By Jesse Marx
By Chris Parker
By Jake Rossen
By Jesse Marx
By Michelle LeBow
By Alleen Brown
By Maggie LaMaack
By CP Staff
On this day, Tall Joe is out of sorts. He's got a cut above his eye and doesn't know where or how he got it. "I don't remember fighting with anyone last night, so I must have kissed the pavement," he laughs grimly. Tall Joe harbors few illusions about the nature of his troubles. Next week, he says, he hopes to get himself into a treatment program. "I'm to the point where I have to drink. I have no choice. It's either that or I have seizures and them seizures ain't no fun." Also, he somehow lost his backpack and, with it, a new pair of jeans, clean underwear, and fresh socks. He's stuck with a pair of lightweight running shoes, which are not ideal for winter. But when you've got size 13 feet, free boots are hard to come by. For the here and now, Tall Joe just wants to make it to the end of the day, when he plans to ride with Dobson to Waconia. Scott—his "old running buddy"—has an apartment in Waconia and Tall Joe wants to spend a few days with him. Then, he says, he'll take another stab at the straight life.
Before checking on Willie at the Clump of Woods, Dobson and Tall Joe kill a little time in the garage. As Tall Joe is relating the saga of how he had to post bail to get out of the workhouse for his brother's funeral last fall, Terrible Tee arrives. Tall Joe tells Tee he is pretty sure they've met before. She doesn't remember him. She looks drained. She explains that her brothers kept offering to buy her shots at the bar last night and "Dumb me, I kept saying, 'Okay.'"
"I know the feeling," responds Tall Joe, "trust me."
Tee is getting ready to leave town for the holiday. She says that her family always gathers for New Year's in Ponemah. At the stroke of midnight, Tee says, there will be a wild, 20-minute wrestling free-for-all in the family living room. It's a family tradition and Tee wouldn't miss it for the world. That's why she's made plans to take the four-hour drive north with her brothers in the late afternoon.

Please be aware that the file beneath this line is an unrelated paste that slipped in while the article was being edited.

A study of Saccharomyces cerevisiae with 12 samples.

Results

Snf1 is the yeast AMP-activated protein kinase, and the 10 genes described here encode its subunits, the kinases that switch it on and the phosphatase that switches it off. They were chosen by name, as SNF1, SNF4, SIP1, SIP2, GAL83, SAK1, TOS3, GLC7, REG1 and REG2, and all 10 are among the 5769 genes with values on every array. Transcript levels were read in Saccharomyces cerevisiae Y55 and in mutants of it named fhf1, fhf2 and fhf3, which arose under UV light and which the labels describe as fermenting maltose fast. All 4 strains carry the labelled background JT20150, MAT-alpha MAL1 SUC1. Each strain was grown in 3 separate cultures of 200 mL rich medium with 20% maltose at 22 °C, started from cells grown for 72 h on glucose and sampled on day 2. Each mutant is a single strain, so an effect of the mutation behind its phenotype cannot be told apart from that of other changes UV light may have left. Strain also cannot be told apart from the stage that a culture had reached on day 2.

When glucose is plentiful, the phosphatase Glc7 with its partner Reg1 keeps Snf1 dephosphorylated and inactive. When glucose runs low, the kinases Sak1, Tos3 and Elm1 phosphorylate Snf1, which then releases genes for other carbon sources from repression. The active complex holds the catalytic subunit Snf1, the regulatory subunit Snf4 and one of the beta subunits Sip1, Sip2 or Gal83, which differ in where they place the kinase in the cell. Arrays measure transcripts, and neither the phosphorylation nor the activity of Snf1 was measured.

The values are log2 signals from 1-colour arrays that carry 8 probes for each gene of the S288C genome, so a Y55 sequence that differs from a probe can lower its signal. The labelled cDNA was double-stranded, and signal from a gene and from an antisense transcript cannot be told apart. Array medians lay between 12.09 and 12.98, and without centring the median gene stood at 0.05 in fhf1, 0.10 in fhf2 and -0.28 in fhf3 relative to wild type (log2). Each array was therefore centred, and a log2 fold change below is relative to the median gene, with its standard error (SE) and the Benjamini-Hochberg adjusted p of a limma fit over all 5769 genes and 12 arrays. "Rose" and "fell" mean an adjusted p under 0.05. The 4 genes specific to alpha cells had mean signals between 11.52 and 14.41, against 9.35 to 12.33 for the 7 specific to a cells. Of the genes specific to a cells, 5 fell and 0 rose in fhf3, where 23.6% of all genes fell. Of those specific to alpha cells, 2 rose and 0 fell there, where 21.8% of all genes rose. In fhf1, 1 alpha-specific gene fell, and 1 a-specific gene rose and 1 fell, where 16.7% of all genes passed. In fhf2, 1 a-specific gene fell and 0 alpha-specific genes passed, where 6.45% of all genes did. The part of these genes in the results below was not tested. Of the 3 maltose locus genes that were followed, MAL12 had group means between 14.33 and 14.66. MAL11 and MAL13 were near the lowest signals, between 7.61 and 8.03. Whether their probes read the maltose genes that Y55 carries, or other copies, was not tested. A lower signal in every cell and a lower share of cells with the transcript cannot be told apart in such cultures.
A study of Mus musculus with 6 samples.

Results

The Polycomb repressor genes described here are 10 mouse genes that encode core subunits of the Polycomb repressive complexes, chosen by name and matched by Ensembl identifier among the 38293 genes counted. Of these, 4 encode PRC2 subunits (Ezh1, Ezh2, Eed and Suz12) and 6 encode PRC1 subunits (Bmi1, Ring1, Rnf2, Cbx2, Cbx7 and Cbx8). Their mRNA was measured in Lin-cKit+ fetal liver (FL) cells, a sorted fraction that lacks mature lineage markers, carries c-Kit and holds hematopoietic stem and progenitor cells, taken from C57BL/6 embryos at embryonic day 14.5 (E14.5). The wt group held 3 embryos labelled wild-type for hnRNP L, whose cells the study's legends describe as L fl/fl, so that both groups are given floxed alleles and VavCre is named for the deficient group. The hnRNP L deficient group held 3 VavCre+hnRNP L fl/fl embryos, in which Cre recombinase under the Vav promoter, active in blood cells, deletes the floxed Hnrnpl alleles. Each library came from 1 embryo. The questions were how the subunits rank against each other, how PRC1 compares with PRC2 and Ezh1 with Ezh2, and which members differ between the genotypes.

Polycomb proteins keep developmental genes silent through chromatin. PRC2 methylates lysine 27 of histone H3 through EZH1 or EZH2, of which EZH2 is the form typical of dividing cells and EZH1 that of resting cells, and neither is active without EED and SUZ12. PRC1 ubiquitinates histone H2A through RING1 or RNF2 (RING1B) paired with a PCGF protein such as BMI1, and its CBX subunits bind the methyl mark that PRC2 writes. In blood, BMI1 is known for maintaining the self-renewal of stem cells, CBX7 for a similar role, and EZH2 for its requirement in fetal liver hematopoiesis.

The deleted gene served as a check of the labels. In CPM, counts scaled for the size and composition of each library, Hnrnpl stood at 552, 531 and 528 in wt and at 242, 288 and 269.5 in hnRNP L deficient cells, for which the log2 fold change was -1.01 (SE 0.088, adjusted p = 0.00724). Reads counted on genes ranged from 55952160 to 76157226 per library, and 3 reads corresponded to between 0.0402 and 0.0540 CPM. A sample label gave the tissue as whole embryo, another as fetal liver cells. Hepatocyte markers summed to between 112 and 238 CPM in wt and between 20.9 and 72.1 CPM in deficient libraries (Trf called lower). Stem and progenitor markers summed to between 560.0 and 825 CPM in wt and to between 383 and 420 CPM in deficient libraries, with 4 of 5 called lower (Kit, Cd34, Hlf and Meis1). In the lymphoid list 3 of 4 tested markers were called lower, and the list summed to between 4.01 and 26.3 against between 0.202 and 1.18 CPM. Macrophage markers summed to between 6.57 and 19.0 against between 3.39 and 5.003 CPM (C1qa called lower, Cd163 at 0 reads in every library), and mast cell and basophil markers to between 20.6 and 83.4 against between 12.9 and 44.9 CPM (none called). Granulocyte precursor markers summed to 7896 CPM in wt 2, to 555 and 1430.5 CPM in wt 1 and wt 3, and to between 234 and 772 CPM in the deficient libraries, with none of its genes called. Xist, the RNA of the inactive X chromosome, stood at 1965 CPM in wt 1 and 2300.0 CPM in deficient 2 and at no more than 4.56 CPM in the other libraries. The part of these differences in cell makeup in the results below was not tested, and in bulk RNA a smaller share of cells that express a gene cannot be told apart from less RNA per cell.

The conversation then turns to the subject of metal scrapping. It's been the main source of livelihood for Tall Joe for the past decade. With record high prices, scrapping has never been better. "These days, if you've got a truck, you can make 300 to 500 bucks a day easy. And you don't even have to steal. You just have to know where to go." Tall Joe doesn't have a truck, so he scraps mainly by foot. That usually means collecting aluminum cans. You can make decent money doing that these days, Tall Joe says. Just the other day, he and his two buddies gathered $35 worth of cans in just an hour and a half. Of course, he adds wryly, they had a head start with all the empties strewn about the house in which they are squatting.
Tall Joe says there are some new challenges for the truck-less scrappers in Minneapolis. Grocery carts—the preferred means of scrap conveyance—have become increasingly hard to come by. At the Cub supermarket on West Broadway, Tall Joe says, electronic sensors now disable the wheels on the carts once they exit the parking lot. And, he adds, some of the scrap yards on North Second have actually begun enforcing their pledges "not to do business with people with shopping carts." Beyond that, there is the issue of rising competition. "We went into one house, we were going to strip it," he says, flashing an if-it-weren't-for-bad-luck smile. "There wasn't a piece of copper left in the whole place."
By the time Tall Joe arrives at the Clump of Woods, around noon, a cold rain is falling. Dobson and Tee were expecting to find Willie in his tent. It's empty. Willie has abandoned his shelter for a scrubby little hillside about 100 feet away, in the shadow of a building everyone calls the Monkey Burner. Swaddled in blankets and quilts, Willie doesn't seem bothered by the pelting rain, which will soon turn to snow. Tall Joe calls out: "How you doing, man? Haven't seen you in a while." Willie struggles to his feet and lumbers to the campsite at the Clump. "You caught me half-drunk, man," he says, wiping his brow and awkwardly settling into a sitting position on the tent futon. "I was just about ready to go to sleep. I was nice and comfortable, wasn't wet at all."
Tall Joe casts an approving eye across the campsite. "This is pretty decent," he observes. "All the camps over north, they throw garbage all over. That's why they get kicked out." Tee says she thinks it's still too messy. At that, she gets up to collect some of her possessions. Damn. The Dean Koontz novel she's been reading, Mr. Murder, has been soaked by the rain. Tee is not impressed with the story but figures she may as well finish it, water damage and plotline be damned. Tall Joe says he enjoys Koontz. "He's got some good books. I read a lot of them in the workhouse. Ain't nothing else to do there," he offers. "I tried to read the Bible several times, but a lot of stuff in there I don't understand."